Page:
There’s a satisfying circularity in the story of how design professional Nick Nemechek ended up in Copenhagen, and it involves Danish designer Ib Kofod-Larsen’s Penguin chair.
Nemechek, who works in merchandising and e-commerce for Danish design studio Menu, was rifling through vintage furniture in upstate New York some years ago when he had the opportunity to buy one of Larsen’s designs. Nemechek calls these excursions to flea markets and estate sales his education in design, and it led Nemechek and Tariq Dixon to found TRNK, a furniture design studio and online store, in 2013.
“I had the opportunity to buy a Penguin chair that was in really horrible shape for 50 bucks,” he says. Dixon discouraged him, noting that Nemechek would spend much more money repairing and, potentially, reselling it. He let go of the idea, even though he knew he was onto something. “It’s the one that got away,” says Nemechek.
Larsen’s chairs are an interesting case of midcentury Danish furniture: While designed in Denmark in the 1950s, they were made exclusively for the American market through Selig, a manufacturing company. Since 2012, they’ve been made by Brdr. Petersen, a Danish furniture maker established in 1973.
Nemechek didn’t pass on the next Penguin that came into his life: When he happened upon a vintage one in nice condition on eBay, he made sure to snap it up.
“It was one of these pieces that always stuck with me from the very beginning of getting into design. Bringing it back to Denmark is a fun journey for it,” he says.
After deciding to leave TRNK in 2017, Nemechek found himself on the receiving end of an inquiry from Menu: Did he know anyone who might be able to work with them to manage e-commerce in the U.S.? One thing led to another, and in the fall of the same year, he moved to Denmark to fill that very role.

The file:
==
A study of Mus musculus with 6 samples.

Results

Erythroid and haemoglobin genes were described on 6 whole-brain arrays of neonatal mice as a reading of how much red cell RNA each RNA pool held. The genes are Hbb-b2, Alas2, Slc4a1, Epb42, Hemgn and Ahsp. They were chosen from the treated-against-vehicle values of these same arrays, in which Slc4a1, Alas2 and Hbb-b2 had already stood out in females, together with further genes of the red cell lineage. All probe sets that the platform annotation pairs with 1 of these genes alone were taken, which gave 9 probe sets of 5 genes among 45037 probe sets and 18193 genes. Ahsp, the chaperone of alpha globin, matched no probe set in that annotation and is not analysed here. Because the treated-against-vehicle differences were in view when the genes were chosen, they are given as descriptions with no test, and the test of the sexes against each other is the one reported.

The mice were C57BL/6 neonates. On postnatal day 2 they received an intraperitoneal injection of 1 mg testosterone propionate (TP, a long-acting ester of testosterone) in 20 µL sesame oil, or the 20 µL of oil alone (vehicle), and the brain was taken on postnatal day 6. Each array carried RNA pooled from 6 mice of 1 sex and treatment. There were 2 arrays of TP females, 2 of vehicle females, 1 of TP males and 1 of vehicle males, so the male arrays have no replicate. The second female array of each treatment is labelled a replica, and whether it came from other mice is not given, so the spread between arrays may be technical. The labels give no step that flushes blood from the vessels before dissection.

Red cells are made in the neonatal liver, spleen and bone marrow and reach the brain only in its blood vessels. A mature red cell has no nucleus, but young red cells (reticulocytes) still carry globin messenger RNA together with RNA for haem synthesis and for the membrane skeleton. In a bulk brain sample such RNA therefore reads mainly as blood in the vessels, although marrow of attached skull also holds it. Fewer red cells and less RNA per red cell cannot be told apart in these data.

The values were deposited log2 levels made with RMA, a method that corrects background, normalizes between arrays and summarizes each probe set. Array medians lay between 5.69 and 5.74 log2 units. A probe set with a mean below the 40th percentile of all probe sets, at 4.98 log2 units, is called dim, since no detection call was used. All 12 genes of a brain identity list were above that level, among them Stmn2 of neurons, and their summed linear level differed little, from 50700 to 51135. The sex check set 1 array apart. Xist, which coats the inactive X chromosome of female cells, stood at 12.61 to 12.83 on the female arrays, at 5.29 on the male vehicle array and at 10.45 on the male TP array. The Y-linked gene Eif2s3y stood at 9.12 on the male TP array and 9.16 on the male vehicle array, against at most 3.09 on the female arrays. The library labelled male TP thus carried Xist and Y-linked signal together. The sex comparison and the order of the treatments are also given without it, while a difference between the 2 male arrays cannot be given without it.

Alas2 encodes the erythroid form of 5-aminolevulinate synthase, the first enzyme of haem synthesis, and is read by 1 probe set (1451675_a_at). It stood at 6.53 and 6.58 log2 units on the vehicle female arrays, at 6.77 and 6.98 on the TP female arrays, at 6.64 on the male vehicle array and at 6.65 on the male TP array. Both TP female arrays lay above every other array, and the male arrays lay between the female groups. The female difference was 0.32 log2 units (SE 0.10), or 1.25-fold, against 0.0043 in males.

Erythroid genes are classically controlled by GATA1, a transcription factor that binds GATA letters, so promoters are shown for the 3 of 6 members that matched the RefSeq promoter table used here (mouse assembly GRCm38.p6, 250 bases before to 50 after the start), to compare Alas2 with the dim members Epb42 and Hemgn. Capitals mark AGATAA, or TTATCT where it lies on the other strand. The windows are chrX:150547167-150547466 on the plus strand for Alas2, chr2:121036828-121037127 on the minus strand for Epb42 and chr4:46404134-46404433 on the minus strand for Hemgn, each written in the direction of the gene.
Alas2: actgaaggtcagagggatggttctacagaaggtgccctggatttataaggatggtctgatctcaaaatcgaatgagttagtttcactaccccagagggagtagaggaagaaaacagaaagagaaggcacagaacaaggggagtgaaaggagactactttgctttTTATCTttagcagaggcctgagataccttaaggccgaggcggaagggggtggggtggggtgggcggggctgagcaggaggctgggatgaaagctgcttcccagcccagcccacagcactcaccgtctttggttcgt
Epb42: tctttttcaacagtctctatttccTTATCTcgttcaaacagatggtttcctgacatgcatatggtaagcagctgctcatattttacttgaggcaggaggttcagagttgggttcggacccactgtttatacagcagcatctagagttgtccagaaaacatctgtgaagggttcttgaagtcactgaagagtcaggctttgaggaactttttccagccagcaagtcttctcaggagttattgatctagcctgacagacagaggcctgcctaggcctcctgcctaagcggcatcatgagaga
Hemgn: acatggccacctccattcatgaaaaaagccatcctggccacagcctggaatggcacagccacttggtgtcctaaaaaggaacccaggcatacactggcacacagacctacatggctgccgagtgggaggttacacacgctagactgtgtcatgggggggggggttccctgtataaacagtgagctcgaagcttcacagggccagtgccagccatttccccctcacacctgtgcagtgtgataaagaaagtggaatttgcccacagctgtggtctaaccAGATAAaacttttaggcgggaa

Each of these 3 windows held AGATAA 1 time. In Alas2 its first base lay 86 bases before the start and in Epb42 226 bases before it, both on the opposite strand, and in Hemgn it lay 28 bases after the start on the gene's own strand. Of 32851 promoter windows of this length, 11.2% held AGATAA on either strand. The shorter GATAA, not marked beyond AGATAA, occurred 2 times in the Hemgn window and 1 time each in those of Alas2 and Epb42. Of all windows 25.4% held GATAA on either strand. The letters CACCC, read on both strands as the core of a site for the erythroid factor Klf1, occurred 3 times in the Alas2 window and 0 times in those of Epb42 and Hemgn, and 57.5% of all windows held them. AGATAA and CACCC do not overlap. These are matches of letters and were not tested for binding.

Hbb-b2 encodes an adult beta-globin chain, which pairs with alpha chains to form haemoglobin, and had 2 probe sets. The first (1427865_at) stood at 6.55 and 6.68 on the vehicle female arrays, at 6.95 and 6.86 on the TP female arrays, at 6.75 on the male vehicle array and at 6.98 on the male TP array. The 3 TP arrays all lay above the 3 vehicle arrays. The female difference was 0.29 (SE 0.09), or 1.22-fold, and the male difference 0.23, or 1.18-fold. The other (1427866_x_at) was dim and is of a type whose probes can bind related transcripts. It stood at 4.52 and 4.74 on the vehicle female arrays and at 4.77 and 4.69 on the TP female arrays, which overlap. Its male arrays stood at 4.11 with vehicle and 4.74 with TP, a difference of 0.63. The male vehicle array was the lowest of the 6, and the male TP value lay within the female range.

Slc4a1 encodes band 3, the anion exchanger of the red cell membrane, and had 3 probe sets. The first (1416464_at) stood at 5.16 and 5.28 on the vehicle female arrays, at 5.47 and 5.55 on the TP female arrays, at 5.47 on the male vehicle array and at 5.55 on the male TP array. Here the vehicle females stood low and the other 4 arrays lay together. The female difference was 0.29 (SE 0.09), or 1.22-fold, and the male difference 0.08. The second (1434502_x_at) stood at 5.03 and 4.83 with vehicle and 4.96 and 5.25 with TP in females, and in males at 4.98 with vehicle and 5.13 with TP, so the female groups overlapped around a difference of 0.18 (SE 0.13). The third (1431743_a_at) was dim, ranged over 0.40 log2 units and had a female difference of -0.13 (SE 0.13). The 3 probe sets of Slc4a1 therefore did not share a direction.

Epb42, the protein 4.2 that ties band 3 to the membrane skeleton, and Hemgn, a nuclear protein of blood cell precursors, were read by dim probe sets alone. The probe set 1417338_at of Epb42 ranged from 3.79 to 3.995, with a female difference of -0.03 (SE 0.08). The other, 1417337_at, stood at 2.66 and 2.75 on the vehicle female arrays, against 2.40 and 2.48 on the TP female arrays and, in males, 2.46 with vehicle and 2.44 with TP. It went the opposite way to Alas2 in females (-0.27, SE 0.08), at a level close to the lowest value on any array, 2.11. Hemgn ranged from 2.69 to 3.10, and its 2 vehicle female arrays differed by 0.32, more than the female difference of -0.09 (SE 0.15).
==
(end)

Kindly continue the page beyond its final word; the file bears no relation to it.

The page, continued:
Next up was an apartment hunt. “Copenhagen is a very small city, so I was indiscriminate,” Nemechek says of deciding on a neighborhood. Using DBA, Denmark’s Craigslist equivalent, he looked at several spaces, lamenting that “in the same way as New York City or elsewhere, there’s always something wrong with them.” However, he continued to peruse the site after putting down an offer on one place, and he happened upon something more promising: a large flat, affordable for its size, located in an 18th-century building in the center of the city.
“It was only a floorplan, but I saw the street it was on, which was a very central street, and it was five rooms and just window, window, window, all along the street side,” says Nemechek. He quickly set up a time to see it, and upon arrival realized it was in the middle of renovations. The owner, who had lived in the apartment for decades, was reallocating the square footage to create a larger rental and a smaller home for himself. They were moving walls, and opening several pairs of double doors that had been sealed—as well as closing some. Even before the renovations, Nemechek could see the potential: original molding, floors that were being refinished, a fresh coat of paint.
“They were bringing it back to life,” he says. “I waited an extra six weeks, but I figured it was worth it because it was special.”
After moving in, Nemechek infused the space with furniture from all over the world, shipping several of his pieces from the U.S. and taking advantage of his new proximity to coveted Scandinavian classics.
“Since moving to Denmark, it’s been great because [DBA] is crazy here,” he says, laughing. “It’s been damaging to my bank account, because you realize the premium in America that we pay for these items that, in Denmark, are literally in Grandma’s house. It’s been fun to add new pieces to my collection.”
Instead of committing to a style, Nemechek most appreciates contrast and playing pieces off one another. “I think that’s when interiors become more interesting,” he says. “I prefer spaces that have a little bit more character, playfulness, something ugly in them even, because it allows for a little bit more fun.” Recognizable designs by Carlo Santi, Jean Prouvé, Hans Wegner, Achille Castiglioni, and more mingle with contemporary brands like Frama, Menu, Lambert & Fils, and Rich Brilliant Willing.
Nemechek says that before starting TRNK, he and Dixon saw many friends—in the same age range, with the same careers—furnishing their homes with generic or big-box brands. Part of starting the company was to champion a more deliberate approach, where every piece has a real story. Throughout his time at TRNK, and now at Menu, he’s been committed to this notion.
“I think I’ve always maintained that [ideal], and I think it reflects itself in my home now,” he says. “Every piece that I’ve brought in is because I love it and I feel comfortable with it, and it is comfortable.”